Simon Henley is an architect, writer researcher and teacher, combining a day job as principal of Henley Halebrown Rorrison with authoring books such as The Architecture of Parking. HHbR is currently working on two office projects, one a mixed-use masterplan in Croydon and the other for The Benyon Estate at De Beauvoir Road. He also squeezed in the time to rave about some of his pet hates
At some point in the 20th century we stopped building walls and began to clad our buildings. At first, it was Mies, it was glass, and it heralded an aesthetic. Then, it became the norm. You can clad a building with anything – stone, metal, plastic. The problem is this skinny thing has no substance, and it’s got nothing to do with the building inside that we use. The worst part is it that prompts architects to treat facades like graphic design and make patterns.
Show off! That’s it, put all your energy into the first space you see in an office. The rest of it is then bound to be disappointing. There’s nothing wrong with a bit of monumental, awe-inspiring space, but the problem is, they rarely are. Instead, they show off like the dress sense of the nouveaux riches. The contents (finishes, furniture, lighting and people) are meant to be glamorous and, perhaps, intimidating. Instead they’re usually naff.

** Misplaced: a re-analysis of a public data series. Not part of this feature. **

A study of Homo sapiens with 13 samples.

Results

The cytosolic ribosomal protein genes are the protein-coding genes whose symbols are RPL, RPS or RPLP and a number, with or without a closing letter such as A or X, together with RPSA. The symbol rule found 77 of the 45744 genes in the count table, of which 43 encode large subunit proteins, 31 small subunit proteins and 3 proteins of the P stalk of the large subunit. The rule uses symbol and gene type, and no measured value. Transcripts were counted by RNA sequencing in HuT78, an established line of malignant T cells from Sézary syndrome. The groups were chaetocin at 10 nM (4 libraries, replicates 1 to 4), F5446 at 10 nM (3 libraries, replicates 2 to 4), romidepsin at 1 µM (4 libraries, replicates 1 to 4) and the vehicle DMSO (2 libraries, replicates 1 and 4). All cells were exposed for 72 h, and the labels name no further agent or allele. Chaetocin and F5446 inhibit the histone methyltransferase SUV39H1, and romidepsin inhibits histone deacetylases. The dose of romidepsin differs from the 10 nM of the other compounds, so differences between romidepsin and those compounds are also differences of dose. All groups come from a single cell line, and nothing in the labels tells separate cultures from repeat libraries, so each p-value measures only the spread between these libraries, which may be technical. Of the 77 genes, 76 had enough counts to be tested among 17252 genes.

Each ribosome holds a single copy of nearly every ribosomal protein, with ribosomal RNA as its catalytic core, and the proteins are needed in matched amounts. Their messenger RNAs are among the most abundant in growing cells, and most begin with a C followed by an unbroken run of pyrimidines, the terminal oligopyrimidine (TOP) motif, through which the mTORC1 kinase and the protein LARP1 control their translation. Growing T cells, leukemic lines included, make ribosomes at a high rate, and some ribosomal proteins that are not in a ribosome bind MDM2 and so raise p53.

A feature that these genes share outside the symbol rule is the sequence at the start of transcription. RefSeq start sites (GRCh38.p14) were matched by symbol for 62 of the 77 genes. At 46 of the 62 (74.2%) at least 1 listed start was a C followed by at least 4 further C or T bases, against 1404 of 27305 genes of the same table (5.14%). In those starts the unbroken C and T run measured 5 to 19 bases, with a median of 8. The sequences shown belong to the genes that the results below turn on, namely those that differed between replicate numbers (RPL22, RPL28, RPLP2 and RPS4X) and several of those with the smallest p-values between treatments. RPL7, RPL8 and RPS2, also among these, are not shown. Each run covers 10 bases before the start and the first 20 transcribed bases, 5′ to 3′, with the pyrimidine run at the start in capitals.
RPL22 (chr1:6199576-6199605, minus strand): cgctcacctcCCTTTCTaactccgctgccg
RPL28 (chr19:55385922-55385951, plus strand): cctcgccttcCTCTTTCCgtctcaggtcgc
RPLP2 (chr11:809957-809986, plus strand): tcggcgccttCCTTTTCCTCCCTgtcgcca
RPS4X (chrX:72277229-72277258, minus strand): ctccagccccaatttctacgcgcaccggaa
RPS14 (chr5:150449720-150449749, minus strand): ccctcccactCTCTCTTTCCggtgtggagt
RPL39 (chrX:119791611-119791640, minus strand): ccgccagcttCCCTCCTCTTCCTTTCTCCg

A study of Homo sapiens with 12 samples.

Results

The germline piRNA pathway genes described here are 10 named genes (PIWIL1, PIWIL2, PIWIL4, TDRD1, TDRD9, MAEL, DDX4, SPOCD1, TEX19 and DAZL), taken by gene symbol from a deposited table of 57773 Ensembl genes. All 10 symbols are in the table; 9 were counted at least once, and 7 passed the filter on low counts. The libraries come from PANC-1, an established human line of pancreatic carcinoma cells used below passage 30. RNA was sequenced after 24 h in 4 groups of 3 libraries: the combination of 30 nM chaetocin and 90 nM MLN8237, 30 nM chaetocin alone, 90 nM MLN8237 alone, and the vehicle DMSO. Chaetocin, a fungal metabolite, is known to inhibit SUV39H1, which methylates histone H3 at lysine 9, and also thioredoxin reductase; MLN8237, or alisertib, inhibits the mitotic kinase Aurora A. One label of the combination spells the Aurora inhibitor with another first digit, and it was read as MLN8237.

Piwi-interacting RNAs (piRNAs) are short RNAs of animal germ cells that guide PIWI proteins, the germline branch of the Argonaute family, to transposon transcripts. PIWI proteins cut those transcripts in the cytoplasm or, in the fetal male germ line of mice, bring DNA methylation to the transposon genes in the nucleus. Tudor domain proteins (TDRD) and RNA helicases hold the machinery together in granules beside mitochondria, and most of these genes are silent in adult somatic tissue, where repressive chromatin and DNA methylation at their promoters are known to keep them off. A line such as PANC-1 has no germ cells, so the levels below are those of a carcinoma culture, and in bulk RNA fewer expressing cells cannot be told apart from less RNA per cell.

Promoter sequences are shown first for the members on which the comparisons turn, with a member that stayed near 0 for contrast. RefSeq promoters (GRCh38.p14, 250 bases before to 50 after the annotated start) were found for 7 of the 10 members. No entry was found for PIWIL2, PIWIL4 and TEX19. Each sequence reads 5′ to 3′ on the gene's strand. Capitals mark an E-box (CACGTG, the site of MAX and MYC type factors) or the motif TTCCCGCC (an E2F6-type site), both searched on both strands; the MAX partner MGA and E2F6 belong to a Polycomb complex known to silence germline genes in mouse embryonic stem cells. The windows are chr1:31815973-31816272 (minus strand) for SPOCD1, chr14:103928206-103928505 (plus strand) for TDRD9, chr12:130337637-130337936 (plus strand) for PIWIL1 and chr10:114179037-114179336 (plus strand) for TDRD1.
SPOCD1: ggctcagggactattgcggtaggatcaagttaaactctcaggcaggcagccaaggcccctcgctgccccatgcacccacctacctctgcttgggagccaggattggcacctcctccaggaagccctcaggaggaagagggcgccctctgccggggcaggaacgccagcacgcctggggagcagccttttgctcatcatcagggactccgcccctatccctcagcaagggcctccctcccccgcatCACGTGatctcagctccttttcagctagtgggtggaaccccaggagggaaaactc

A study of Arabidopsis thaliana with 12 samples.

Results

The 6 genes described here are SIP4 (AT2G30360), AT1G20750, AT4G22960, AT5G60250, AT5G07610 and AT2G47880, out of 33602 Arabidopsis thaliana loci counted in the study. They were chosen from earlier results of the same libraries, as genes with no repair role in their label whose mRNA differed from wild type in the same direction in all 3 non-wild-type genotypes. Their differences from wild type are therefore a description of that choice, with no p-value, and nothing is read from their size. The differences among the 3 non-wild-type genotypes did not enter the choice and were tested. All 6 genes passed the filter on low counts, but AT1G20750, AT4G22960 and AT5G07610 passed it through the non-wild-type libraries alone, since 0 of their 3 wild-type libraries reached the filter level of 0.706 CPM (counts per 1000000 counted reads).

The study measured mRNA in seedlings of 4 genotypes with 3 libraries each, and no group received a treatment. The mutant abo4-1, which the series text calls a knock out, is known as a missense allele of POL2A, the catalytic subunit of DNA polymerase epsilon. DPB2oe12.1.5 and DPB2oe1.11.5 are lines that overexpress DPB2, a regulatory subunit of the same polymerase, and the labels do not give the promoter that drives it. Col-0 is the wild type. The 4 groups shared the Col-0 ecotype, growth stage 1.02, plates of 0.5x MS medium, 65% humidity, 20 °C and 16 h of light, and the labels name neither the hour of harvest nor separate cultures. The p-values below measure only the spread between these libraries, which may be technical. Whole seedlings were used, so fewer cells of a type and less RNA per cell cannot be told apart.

They are ubiquitous. Somehow, it doesn’t matter what shape or size they are, or the material they are made from, they belittle the task, dull the brain and dent the self-esteem. Of course, it’s no surprise, because, however they are arranged – in rows, clusters etc – their repeated presence is a sad reminder of the office worker’s status, to be one of many. Despite all that design, the desk, to which most of us are ‘chained’, is still good for nothing. If in doubt, watch Jacques Tati’s 1958 film Mon Oncle.